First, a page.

Pakistan has a slow pace of urbanisation

Urbanisation induces knowledge diffusion and economies of scale in production

ZIA BANDAY December 04, 2016
Urbanisation induces knowledge diffusion and economies of scale in production. PHOTO: REUTERS

ISLAMABAD: In 1990, urban population of Pakistan stood at 31% of the total. In a span of 25 years, the ratio has approximately increased by eight percentage points to reach 39% in 2015.

During the same period, Chinese urban population has risen over two-fold from 26% in 1990 to 56% in 2015.

Pakistan can be richer with rapid urbanisation: report

For China, this was an era of phenomenal economic growth, which resulted in pulling out an unprecedented 400 million people out of poverty. It became the second largest economy and top trading nation. And mind this that Chinese cities played a vital role in this economic transformation.

On the other side, Pakistan had its own highs and lows during this long interval. The country oscillated between democracy and authoritarianism. It had its stints of economic growth, while bearing an enormous cost of war against terrorism in terms of human resource, material and global perception.

Pakistanis did witness the historic devolution of power under the 18th Amendment, which revived the federalism spirit of the country’s constitution. After devolving fiscal and administrative powers to the second tier, for example, provincial governments, a tussle on power division has emerged among some provincial governments and the third tier, the local governments.

It is hoped that with continuous democratic process, this issue will also be resolved in due course of time.

China’s example

This talk about different tiers of government is meant to elaborate on the influence of multi-tier diffusion of power on economic growth. China could be taken as a precedent in this regard. Though not a democracy in classical terms, however, political power is amicably devolved among different tiers of the government.

It is not a centralised authoritarian state, where every directive flows from the barrel at Beijing. Provinces and then sub-provincial cities have substantial political and economic autonomy to plan, decide and implement their respective growth strategies.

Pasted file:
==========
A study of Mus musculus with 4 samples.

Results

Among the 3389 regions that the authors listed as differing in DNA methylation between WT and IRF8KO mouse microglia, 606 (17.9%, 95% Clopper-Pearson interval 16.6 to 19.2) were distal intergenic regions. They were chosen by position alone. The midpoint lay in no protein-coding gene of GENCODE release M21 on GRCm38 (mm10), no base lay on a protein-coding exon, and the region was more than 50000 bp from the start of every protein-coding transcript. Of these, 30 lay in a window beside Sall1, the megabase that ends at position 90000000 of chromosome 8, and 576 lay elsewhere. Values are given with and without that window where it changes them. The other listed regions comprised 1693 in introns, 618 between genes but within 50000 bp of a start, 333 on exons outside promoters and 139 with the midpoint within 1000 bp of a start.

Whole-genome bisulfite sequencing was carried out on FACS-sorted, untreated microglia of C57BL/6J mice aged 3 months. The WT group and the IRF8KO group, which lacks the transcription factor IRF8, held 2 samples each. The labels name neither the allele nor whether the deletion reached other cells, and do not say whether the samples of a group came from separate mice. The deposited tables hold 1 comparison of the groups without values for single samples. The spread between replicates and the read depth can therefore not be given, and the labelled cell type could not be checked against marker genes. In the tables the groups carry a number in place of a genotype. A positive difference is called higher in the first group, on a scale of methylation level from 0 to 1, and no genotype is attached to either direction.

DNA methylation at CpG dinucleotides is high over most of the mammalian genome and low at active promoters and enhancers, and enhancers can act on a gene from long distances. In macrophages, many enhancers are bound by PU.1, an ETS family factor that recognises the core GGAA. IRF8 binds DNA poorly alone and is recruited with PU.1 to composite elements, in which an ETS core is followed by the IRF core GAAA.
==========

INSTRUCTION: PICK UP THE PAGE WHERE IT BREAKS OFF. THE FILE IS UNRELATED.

Financing urban development tough ask in Pakistan

If one takes into account the four municipalities (Beijing, Shanghai, Tianjin and Chongqing) and 15 sub-provincial cities, the population of these 19 major urban agglomerations makes up 16% of the population of China. However, these cities are holding a 32% share in the country’s GDP.

These cities are the main conduit of foreign direct investment in China. All the major industrial estates and famous special economic zones are located in these cities.

An important question arises as to how these cities run in such a productive manner. Credit goes to the central government for devolving power at the grassroots levels. Party secretary is the highest post in a city’s political hierarchy, whereas the mayor of the city is the head of government.

Party secretary provides the political and economic leadership for the city in line with national and provincial development plans. Mayor is responsible for the implementation and day-to-day affairs of the city.

Clear demarcation of powers and duties enables a smooth functioning of the system. These top officials are nominated by the party hierarchy, not popularly elected. However, incentive structure for the party secretary and mayor for progression in the Communist Party is linked with the economic performance of the cities under their rule. It creates enormous political competition for enhancing economic growth of respective geographical jurisdictions by party officials.

Pakistan’s example

In comparison, Pakistan is still mired in a centralisation mindset despite talk of devolution. May be it is a legacy of the colonial rule, but Pakistani governance structure needs to align itself with requirements of the modern economic system. Urbanisation is the game in the town. All major economies are highly urbanised, which induces knowledge diffusion and economies of scale in production. Mechanisation in agriculture is creating surplus labour in the rural hinterland. The influx of rural population in the cities requires planning and management.

Our messy & unsustainable urbanisation

However, Pakistan is still unable to correctly count its population as a census has not been held for 18 years.

Devolution of powers to the third tier remains an unresolved issue. Provincial governments did hold local bodies elections under pressure from the Supreme Court. However, their intent is to keep these bodies dysfunctional with strings of fiscal purse under their thumps.

It is not a way of administrating large cities such as Karachi, Lahore, Rawalpindi, Peshawar, Quetta, Faisalabad and others.

We are talking about fate changer status of the CPEC, but we are not enabling our cities to service Chinese investors and businesses on their own. Our officials have a penchant for frequent visits to China. At least, an expectation can be desired from them to learn something about administrative capabilities of Chinese cities in inducing growth.

The writer is a director in the Policy Research Institute of Market Economy

Published in The Express Tribune, December 5th, 2016.

fahim | 3 years ago | Reply | Recommend Plight is that majority of rural population is living in cities while their vote and CNIC is registered in village.